Time to come back to this!

So last time, we came up with a shorthand way to write certain equations. Namely: the equations have to have sums of multiples of variables on the left-hand side, and constants on the right-hand side. If that's the case, we can write those coefficients in an array, put a vertical line after those coefficients, and then write the constants.

We call this an

*augmented matrix* (for reasons we will see soon). But I promised I would talk more about back-substituting.

So last time (ETA: Erk, make that the time before last, guess we get to have some repeating!), we started with the augmented matrix

| 2 1 | 5 |

| 1 2 | 4 |

and ended up with the augmented matrix

| 2 1 | 5 |

| 0 3 | 3 |

We then deduced that b = 1, a = 2, through back-substitution. Specifically, we deduced that b = 1 because 3b = 3. But we could also have determined that by multiplying the second row of that matrix by 1/3:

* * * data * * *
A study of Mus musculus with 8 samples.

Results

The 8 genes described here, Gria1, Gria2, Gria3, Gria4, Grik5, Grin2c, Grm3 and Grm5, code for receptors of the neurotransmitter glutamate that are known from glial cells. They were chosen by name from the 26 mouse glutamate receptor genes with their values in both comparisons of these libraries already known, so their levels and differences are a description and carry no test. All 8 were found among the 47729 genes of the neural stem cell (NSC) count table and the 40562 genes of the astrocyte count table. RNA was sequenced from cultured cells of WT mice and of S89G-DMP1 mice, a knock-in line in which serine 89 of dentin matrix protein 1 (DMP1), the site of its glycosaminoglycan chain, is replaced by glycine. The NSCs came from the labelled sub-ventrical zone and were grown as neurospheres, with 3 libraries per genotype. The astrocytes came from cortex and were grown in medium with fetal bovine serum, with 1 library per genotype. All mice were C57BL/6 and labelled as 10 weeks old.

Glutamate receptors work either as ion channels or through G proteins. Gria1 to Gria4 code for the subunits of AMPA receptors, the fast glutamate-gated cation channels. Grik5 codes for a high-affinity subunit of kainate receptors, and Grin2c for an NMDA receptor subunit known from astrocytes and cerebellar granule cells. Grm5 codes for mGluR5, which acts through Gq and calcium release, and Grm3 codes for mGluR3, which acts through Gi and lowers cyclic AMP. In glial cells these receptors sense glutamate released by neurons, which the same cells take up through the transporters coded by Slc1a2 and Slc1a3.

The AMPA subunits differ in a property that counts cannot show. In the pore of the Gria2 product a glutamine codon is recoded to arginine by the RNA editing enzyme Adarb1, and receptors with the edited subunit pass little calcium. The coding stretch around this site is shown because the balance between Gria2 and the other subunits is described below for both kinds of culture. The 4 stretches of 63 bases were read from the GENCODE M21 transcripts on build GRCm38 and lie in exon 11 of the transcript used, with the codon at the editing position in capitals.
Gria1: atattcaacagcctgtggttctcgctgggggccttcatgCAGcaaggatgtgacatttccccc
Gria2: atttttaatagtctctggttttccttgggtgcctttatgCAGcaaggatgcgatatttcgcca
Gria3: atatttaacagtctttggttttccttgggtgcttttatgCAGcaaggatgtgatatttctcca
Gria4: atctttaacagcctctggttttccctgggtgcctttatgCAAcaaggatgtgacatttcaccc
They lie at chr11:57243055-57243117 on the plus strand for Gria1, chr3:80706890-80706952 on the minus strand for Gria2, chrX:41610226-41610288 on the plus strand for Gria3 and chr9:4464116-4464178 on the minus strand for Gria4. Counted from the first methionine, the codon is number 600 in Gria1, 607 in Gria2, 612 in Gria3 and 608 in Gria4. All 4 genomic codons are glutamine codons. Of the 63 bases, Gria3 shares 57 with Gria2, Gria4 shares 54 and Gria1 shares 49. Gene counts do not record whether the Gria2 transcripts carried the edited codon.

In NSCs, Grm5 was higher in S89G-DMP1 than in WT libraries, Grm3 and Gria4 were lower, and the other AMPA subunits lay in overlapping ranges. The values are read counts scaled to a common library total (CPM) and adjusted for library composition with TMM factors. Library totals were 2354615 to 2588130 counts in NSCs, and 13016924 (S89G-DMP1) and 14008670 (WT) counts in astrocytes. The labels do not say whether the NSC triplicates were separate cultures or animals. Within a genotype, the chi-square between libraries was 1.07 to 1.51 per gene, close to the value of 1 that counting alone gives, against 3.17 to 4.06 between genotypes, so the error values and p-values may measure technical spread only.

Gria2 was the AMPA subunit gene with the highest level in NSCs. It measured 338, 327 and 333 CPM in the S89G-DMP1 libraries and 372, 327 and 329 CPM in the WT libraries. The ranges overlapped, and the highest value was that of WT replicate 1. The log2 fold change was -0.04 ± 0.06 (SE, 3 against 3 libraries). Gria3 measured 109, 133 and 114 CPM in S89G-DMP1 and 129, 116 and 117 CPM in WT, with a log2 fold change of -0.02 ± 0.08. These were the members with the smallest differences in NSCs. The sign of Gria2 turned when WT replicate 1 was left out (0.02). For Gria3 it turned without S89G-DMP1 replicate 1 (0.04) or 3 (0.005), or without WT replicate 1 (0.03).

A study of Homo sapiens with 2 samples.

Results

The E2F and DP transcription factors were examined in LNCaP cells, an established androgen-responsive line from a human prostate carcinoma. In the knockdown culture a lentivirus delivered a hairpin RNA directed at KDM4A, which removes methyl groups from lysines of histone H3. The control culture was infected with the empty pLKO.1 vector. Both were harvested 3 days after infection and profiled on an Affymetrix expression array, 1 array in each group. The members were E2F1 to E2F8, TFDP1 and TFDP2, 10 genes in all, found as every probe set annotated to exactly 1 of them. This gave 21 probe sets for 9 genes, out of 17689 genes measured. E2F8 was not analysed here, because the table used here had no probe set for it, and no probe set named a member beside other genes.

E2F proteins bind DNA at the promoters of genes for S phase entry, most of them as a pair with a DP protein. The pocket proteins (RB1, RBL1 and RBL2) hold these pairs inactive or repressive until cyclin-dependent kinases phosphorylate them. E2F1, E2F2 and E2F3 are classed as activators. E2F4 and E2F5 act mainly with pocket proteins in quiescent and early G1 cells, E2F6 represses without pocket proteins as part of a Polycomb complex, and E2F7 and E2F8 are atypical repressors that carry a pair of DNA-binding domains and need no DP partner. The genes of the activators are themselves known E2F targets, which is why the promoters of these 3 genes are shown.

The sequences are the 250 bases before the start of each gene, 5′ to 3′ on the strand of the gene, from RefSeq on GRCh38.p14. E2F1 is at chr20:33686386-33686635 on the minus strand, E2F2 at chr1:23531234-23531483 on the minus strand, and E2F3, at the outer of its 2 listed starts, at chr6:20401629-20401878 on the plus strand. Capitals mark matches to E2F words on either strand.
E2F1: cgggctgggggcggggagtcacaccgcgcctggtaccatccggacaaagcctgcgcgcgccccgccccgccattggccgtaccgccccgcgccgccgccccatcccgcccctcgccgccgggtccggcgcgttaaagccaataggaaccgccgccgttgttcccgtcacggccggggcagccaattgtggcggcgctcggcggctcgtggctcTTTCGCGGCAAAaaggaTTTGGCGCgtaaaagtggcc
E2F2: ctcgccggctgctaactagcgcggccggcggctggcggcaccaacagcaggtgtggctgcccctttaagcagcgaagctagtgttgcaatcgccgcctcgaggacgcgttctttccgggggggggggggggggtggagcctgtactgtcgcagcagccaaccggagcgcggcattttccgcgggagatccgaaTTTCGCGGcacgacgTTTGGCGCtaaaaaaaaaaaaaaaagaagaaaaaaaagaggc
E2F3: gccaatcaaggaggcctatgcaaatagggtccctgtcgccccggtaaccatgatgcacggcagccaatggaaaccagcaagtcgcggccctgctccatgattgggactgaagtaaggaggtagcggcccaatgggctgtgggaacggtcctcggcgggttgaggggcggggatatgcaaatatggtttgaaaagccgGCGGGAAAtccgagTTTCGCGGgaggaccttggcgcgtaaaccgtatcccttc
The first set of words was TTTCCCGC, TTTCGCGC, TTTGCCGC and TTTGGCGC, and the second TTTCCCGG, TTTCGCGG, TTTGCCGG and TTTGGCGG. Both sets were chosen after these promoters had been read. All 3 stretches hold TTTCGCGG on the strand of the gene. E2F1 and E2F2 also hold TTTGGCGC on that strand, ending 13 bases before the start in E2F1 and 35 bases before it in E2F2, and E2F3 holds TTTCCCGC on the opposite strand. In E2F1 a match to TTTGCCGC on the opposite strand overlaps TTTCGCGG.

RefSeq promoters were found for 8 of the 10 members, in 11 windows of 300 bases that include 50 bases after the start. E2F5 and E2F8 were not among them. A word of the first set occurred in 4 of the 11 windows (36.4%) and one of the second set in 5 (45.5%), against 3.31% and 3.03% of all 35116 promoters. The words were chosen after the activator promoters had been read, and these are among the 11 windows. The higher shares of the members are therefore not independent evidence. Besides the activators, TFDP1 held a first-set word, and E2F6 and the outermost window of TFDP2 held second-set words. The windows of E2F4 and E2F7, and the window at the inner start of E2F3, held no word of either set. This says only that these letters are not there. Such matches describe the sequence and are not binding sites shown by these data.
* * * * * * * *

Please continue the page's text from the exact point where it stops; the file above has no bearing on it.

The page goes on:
| 2 1 | 5 |

| 0 1 | 1 |

We then could have determined a = 2 by using another elementary row operation: subtracting the second row from the first row:

| 2 0 | 4 |

| 0 1 | 1 |

and multiplying the first row by 1/2:

| 1 0 | 2 |

| 0 1 | 1 |

This now represents the equations 1a + 0b = 2, 0a + 1b = 1, or more simply, a = 2, b = 1. So even back-substitution can be done using linear algebra - specifically, using the elementary row operations.

This suggests that we now have a general idea of what we want to do with augmented matrices: try to change the stuff before the vertical line until it has 1s on the diagonal, and 0s everywhere else. And we now have a standard process to do it (called Gauss-Jordan elimination), in 2 major steps: elimination and back-substitution:

Gaussian elimination:

1) If the top left element is zero, switch a row that has left-most element nonzero to the top.

2) Subtract multiples of the top row so the left column is otherwise zero

3) Repeat, disregarding both the first row and column (i.e. looking at terms in the second row and beyond, in the second column and beyond).

Back-substitution:

1) Multiply the last row so that it has a 1 first.

2) Subtract multiples of the last row from rows above it so the right column is otherwise zero.

3) Repeat, disregarding both the last row and column.

Next time, we talk about a somewhat more general possibility - where we can't always get that 1s and 0s matrix.